To rent or own, that is the question posed by the burgeoning sharing economy. For a growing population engaged in this high-tech, low-cost 'collaborative economy,' access to cars, clothes, cuisine – or even a cat –  is better than ownership.



Last July, a home rented through Airbnb was ransacked; the owner, who went by the initials EJ, blogged about it and was critical of Airbnb's response. Later, another Airbnb client told the website TechCrunch his house had been burglarized and damaged by a renter. Airbnb now covers loss or damage from theft or vandalizing for up to $1 million. And it doesn't seem to have been hurt by the isolated incidents. In the past five months alone, the company has booked 5 million guest nights and has 230,000 available properties, most of them someone's primary residence. Airbnb makes money by taking 10 percent of every transaction. Cofounder and chief technology officer Nathan Blecharczyk says, "A couple of weeks ago, we had 60,000 people staying on the service. And that's just a single night."

On the whole, experiences gained through these sharing-economy companies are positive. And although this is an economy, and as such, is often focused on cash changing hands, just as often it's not. The experience is also important – the ethnic food tour with a group of people you just met, the stay in an Airbnb treehouse, the coffee you had with the owner of that flat in Edinburgh, the friends you made and the things you learned about people from halfway across the world or just down the street.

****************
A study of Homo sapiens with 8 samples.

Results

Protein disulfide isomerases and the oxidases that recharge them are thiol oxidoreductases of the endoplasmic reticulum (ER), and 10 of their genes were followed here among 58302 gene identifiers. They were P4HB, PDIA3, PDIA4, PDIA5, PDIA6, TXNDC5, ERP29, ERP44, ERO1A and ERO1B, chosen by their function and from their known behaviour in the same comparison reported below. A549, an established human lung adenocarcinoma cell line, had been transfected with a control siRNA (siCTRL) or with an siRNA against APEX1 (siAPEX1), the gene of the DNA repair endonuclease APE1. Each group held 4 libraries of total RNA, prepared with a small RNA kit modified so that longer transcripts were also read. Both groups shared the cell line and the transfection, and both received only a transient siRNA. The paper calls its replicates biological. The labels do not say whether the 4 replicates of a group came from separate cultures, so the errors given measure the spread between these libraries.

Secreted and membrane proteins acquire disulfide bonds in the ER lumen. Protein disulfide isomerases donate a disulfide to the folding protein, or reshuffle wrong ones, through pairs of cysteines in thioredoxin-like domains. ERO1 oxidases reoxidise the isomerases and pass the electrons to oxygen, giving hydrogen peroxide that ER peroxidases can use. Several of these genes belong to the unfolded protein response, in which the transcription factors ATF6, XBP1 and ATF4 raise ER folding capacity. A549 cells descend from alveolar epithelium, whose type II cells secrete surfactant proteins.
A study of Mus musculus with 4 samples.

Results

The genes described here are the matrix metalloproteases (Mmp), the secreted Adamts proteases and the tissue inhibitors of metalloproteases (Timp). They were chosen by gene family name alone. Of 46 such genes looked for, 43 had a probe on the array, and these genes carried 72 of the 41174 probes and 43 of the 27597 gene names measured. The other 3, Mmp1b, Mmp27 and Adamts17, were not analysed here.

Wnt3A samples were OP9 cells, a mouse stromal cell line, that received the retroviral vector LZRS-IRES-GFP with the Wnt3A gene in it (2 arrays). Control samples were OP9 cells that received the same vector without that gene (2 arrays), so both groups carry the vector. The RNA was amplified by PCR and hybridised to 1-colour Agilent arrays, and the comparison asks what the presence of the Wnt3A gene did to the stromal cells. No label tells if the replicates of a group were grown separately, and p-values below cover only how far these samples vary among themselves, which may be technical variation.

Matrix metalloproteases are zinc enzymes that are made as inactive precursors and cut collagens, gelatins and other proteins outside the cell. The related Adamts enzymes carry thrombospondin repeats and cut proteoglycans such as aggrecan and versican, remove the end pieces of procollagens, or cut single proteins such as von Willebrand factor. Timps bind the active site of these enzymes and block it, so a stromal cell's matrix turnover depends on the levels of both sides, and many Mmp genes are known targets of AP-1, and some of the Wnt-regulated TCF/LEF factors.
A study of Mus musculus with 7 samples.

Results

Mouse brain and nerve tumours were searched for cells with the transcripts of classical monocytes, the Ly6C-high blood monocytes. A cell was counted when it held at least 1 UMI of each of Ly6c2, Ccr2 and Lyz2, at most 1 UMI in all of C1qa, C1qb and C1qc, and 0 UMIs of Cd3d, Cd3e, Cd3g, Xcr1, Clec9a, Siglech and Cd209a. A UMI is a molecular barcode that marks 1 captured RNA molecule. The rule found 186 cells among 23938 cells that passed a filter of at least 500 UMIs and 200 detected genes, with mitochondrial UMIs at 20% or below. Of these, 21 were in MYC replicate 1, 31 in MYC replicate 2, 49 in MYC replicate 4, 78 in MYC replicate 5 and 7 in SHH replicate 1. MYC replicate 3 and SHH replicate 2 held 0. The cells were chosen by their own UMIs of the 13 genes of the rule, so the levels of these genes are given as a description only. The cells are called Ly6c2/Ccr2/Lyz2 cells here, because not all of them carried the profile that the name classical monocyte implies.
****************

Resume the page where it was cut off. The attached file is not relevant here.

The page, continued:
The more often people take advantage of sharing-economy companies, the more likely they are to continue to do so, according to a 2010 study by International research firm Latitude and Shareable Magazine. The study surveyed 537 sharing-economy participants and found 78 percent of them felt their online interactions with people had made them more open to the idea of sharing with strangers.

Christopher Kieran, cofounder and chief executive officer of Zokos, which enables friends to fund parties together, says sharing is all about building community. The idea for Zokos, for example, came out of a vegetarian dinner club Mr. Kieran participated in as a graduate student at Yale.

"While the gatherings were centered around food, the real benefit came from the friendships formed within the community," he says.

PHOTO GALLERY: The sharing economy – from cars to couches to cuisine

On Zokos, friends essentially pool money to create and share an experience they couldn't otherwise afford. Although some might say asking your friends to pay for the party you want to throw is a faux pas, Kieran says Zokos users don't see it that way. Instead, the 29-year-old senses they are fighting a profound loneliness – because with all their social networking, they often lack real-life connections.

Sharing, if nothing else, is about community and connection.

"I think what we are doing is building a whole new social infrastructure that radically enhances the amount of connectivity we have," he says, "and promotes wealth and happiness for all of us."